Local experts in air safety will assist investigations into the recent attack which led to the deaths of dozens of Australians.

Hundreds were killed on Malaysian Airlines Flight MH17 when it was attacked from the ground late last week.

In response to a request from the Ukrainian authorities, the Australian Transport Safety Bureau is deploying two of its investigators to Kiev to support an international investigation into the events surrounding the crash.

The investigators, with backgrounds in aircraft operations and aeronautical engineering, will form part of a concerted international effort to determine the cause of the crash of MH17.

The investigators are expected to arrive in Kiev today, and Air Chief Marshal (retired) Angus Houston has been on the ground already in his appointment as the Prime Minister’s Special Envoy.

The experts say they will recover, identify and repatriate Australians killed in the crash as soon as possible.

Meanwhile, global governments are circling around the issue of blame and retribution for the attack.

While it is clear that the aircraft flying at over 10,000 metres was not brought down by any crude weaponry, it is unclear to what level various governments with access to the advanced hardware required might have been involved.

The black box from the destroyed MH17 has been handed to independent officials, after spending some days in the hands of pro-Russian separatists. It was handed back on the brink of more generalised economic sanctions against Russia, which some say will no longer go ahead.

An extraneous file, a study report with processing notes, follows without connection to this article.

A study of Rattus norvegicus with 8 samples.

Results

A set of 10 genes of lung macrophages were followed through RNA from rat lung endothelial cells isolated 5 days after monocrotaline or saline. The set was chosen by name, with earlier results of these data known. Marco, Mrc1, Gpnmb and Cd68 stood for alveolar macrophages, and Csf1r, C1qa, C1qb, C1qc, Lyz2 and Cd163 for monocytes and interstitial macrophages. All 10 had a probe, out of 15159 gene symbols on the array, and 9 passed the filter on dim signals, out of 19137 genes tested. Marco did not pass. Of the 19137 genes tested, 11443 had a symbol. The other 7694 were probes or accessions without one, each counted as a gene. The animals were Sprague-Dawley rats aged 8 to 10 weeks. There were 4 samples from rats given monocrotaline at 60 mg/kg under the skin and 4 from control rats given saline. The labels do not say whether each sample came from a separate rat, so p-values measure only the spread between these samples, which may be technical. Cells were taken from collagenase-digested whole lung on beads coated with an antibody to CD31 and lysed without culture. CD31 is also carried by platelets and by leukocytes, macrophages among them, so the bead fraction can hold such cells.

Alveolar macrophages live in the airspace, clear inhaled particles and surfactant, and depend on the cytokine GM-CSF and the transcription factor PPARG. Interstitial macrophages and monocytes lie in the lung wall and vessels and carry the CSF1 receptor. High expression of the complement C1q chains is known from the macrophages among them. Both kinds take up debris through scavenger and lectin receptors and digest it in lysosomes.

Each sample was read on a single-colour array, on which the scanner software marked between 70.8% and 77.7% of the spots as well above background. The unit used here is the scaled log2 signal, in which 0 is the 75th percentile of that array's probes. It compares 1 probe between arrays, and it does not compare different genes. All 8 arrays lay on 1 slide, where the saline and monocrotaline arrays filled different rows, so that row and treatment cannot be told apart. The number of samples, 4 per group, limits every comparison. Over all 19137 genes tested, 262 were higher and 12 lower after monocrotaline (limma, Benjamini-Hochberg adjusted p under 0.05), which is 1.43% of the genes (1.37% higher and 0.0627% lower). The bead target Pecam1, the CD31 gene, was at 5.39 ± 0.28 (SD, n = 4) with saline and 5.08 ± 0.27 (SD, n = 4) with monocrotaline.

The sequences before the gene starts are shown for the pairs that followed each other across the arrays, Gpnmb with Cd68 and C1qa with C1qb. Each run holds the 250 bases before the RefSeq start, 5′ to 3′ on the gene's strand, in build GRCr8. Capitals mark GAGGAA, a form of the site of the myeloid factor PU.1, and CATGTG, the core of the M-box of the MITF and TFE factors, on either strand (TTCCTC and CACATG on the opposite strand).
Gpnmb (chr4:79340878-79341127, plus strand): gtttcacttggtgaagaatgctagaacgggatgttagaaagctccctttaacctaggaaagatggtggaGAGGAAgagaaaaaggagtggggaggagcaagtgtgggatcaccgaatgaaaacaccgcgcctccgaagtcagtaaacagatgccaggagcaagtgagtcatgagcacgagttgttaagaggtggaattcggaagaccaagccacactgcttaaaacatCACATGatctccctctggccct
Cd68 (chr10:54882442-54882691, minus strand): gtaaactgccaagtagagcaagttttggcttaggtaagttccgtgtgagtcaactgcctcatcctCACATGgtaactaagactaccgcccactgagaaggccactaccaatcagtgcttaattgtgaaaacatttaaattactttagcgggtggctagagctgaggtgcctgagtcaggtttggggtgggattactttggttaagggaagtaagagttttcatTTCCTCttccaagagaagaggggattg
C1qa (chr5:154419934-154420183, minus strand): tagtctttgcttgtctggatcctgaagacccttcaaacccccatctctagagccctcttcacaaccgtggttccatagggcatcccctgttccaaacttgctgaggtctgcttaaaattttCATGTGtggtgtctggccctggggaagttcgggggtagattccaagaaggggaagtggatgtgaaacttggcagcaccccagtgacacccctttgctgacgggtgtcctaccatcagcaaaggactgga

The United Nations Security Council has backed an Australian resolution condemning the “grotesque violations” at the crash site and pushing for proper access for investigators.

The Australian-sponsored bill was put forward by Foreign Minister Julie Bishop in her current role as chair of the UN Security Council. 

Russia backed the Bill only after forcing amendments which referred to the attack as “the downing” of Malaysia Airlines MH17, rather than the “shooting down”.

And finally, Dutch prosecutors have launched an inquiry into the event in the context of “war crimes”.

Authorities have already arrived in Ukraine to gather evidence for a potential trial of terrorists who brought down the civilian airliner, invoking the Law on International Crimes to allow the country to prosecute any individual suspected of committing a war crime against a Dutch citizen.